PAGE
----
Golf Strength Training Slows The Aging Process
Golf strength training is critical in slowing down the effects of aging. Issues like rapidly declining strength, flexibility, and endurance. The number of golfers who are middle age or older is growing and they all want to play as long as possible.
In order to both slow the aging process AND play longer, you need adequate levels of strength, flexibility, and other physical abilities.
Tip: Check the area where your ball was, and if there is a divot, you need to fix it. Balls that fly into the green often leave large dents which can harm the grass of the green and prove frustrating to the next golfers on the green.
Golfers (and most others) lose as they age. The cause is quite simple. They do not partake in any form of golf strength training exercises to maintain the fitness levels they had early on in life.
Tip: Don’t starve on the course, bring a small snack or high protein bar with you. The game of golf is exhausting, both mentally and physically.
It is NEVER too late to improve strength and flexibility. I have worked with golfers in person and via my websites that are in their 70’s and 80’s that have almost doubled their current strength and dramatically improved their flexibility (specific to golf).
Tip: Before you take your first shot make sure you head to the driving range to take some long shots. Loosen up your body while getting in some good practice so you do not start off cold.
Just by doing a simple golf strength training routine a couple of times a week, you will increase the level of strength and other important aspects, and not be as aware of the changes that come with aging. You can’t stop it, but you can slow it down and even reverse it depending on your current level of fitness.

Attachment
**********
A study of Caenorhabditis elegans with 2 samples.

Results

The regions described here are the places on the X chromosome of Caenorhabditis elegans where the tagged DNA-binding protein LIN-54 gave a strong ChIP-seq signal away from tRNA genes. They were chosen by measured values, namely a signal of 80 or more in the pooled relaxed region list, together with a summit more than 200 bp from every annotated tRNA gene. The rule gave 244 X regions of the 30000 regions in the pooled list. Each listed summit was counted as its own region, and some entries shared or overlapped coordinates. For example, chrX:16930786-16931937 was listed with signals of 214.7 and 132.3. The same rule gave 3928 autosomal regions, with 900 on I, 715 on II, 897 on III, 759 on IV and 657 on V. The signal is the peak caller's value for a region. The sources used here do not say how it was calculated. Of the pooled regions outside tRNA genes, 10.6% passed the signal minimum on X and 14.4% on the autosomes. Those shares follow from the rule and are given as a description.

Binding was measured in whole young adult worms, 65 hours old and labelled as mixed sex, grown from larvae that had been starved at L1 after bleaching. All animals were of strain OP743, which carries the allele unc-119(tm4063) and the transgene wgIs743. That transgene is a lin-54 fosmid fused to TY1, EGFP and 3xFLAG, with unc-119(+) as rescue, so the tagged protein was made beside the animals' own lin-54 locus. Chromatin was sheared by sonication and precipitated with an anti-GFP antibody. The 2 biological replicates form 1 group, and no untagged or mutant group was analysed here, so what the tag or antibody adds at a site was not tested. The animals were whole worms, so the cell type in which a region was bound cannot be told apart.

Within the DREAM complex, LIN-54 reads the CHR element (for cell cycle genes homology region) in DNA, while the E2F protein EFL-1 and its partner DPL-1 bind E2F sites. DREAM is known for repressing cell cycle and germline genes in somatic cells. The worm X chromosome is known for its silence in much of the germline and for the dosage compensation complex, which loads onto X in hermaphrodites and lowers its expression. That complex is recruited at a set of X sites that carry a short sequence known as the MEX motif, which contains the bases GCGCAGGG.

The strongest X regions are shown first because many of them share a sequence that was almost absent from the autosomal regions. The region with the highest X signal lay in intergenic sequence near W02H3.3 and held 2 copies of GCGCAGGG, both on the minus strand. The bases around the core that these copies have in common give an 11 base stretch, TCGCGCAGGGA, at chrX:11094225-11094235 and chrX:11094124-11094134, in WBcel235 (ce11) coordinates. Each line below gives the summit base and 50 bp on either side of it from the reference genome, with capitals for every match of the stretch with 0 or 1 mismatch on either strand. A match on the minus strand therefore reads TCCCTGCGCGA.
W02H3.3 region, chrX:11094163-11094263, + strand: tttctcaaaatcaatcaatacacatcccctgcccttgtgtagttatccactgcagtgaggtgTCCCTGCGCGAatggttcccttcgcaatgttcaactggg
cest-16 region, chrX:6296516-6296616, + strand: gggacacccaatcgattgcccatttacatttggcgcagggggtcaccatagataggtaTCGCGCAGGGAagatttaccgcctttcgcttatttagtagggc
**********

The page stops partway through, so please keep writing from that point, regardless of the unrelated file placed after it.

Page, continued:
Tip: Practice is the key to resolving the common error of slicing. The problem lies in improper contact between the clubface and ball during the hit, which results in right-direction curvature.
One of the major areas most senior golfers lose…is the flexibility in their midsection (core), which is critical in generating power in the golf swing. As a result, the senior golfer will make a change in swing technique, rather than address the physical limation.
Tip: Put your whole body behind your golf swing. Inexperienced golfers often mistakenly believe that power should come only from the arms.
There are many senior golfers who can still play a good game of golf due to the fact of playing and practicing throughout the years…however their swing execution, power and overall consistency has been dramatically affected.
Tip: A great golfing tip for beginners is to be aware of your tee height. Unless the tee is placed at an appropriate height, it is almost impossible to drive efficiently.
Therefore, it is critical for senior golfers to maintain or increase strength, flexibility, even balance and coordination to preserve the performance or level of golf they so yearn to achieve.
Given the above scenario, I hope you realize the importance of golf strength training.